Online sales fuel boost in spending
Published 11/01/2016 | 02:30
A record increase in Irish online shopping fuelled a 6.6pc year-on-year jump in consumer spending last month, according to a new report.
Visa Europe's latest consumer spending index indicates that ecommerce spend was up 16pc on December 2014, the biggest ever increase in the survey's history.
Face-to-face expenditure also posted a year-on-year increase in December, Visa Europe said, but at a lower rate than last year. The results are likely to lead to more calls for Irish businesses to improve and increase their online presence.
"The latest growth in December was an extremely positive milestone for the economy as there was a year-on-year rise in consumer spending every month during 2015," Visa Europe's manager for Ireland Conor Langford said.
"A number of categories were boosted due to festive spending, like the recreation and culture sector with consumers buying gifts and enjoying themselves over the break.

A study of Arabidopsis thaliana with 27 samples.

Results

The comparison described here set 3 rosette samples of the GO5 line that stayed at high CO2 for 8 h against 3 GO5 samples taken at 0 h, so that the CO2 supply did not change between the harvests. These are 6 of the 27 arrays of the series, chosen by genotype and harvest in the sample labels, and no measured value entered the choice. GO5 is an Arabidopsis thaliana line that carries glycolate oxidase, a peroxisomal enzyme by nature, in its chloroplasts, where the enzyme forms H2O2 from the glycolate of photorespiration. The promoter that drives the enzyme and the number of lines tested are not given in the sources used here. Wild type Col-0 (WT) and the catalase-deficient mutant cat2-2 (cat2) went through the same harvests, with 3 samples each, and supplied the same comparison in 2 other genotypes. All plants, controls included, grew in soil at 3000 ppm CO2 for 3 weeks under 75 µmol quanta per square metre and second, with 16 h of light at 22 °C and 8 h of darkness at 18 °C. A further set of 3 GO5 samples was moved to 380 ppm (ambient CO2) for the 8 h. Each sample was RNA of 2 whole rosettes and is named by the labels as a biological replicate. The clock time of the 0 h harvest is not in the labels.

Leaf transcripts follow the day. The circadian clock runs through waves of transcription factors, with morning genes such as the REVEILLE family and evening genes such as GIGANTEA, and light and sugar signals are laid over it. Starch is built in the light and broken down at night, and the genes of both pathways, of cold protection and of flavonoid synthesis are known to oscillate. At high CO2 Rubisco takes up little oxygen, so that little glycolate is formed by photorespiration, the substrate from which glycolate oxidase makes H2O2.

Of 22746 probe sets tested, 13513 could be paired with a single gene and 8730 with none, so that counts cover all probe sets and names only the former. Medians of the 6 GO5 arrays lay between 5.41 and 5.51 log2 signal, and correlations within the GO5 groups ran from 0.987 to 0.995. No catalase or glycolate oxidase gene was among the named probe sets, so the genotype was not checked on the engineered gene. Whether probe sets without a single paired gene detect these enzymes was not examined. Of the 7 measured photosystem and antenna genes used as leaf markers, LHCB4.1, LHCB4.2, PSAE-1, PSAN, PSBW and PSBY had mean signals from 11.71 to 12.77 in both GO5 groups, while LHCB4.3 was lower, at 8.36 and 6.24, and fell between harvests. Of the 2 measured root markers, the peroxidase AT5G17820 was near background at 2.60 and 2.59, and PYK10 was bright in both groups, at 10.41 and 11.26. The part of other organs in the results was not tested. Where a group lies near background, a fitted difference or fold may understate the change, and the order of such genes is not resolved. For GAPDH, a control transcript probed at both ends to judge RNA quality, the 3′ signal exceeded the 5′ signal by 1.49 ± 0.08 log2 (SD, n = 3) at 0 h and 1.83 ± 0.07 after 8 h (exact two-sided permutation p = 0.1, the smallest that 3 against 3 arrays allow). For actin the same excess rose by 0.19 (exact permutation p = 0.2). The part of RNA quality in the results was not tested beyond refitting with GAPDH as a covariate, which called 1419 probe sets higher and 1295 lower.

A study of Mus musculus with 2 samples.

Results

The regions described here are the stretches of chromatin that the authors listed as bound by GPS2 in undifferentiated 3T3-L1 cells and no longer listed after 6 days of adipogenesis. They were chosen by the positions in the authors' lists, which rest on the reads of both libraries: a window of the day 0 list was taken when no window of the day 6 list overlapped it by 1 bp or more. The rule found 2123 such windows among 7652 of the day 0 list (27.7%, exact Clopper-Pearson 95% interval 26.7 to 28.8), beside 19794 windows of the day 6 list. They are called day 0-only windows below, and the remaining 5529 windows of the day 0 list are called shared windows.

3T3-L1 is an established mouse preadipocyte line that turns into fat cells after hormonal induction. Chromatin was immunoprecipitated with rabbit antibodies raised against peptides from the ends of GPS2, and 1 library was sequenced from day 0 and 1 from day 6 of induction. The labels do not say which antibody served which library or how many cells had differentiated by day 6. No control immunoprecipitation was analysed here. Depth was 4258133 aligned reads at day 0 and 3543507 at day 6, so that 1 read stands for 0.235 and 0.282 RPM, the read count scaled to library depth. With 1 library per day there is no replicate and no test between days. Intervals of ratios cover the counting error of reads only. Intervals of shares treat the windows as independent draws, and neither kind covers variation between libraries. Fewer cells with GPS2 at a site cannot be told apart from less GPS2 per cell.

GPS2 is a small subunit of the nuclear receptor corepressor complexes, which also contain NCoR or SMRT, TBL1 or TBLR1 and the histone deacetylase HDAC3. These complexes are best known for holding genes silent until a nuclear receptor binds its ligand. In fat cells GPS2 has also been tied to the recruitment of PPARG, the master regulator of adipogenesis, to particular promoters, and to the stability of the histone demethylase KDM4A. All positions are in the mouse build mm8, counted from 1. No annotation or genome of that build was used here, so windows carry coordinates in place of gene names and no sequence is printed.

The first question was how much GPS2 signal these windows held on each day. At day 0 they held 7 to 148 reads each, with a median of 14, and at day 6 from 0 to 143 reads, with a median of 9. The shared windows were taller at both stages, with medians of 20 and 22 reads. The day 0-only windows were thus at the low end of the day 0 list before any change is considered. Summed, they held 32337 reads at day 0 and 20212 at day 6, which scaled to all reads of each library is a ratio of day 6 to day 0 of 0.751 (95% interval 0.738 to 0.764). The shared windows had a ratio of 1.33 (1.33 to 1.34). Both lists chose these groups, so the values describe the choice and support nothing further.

"Cinemas in particular benefited from the release of the latest 'Star Wars' blockbuster, which recorded over €3m in sales in five days alone.
"Overall it capped off a very positive 12 months as rising levels of consumer spending continued to contribute to economic growth."
Spending in the fourth quarter was up 7.1pc on the same quarter of 2014, the report found.
The survey, carried out in conjunction with financial information services provider Markit, is based on spending on all Visa debit, credit and prepaid cards, which are used to make an average of 110 million transactions every quarter, and which Visa Europe say account for €1 in €3 of all Irish consumer spending.
Markit senior economist Andrew Harker said the index "suggests that the Christmas period was a successful one in terms of household expenditure".
"The recreation and hospitality areas fared particularly well as rising consumer confidence and improving wages led people to enjoy the Christmas festivities. Securing sales was more of a struggle in the clothing and footwear sector due to reduced demand for winter clothing."
Spending on household goods rose 10.8pc year-on-year in December, while spending on health and education rose 10.7pc.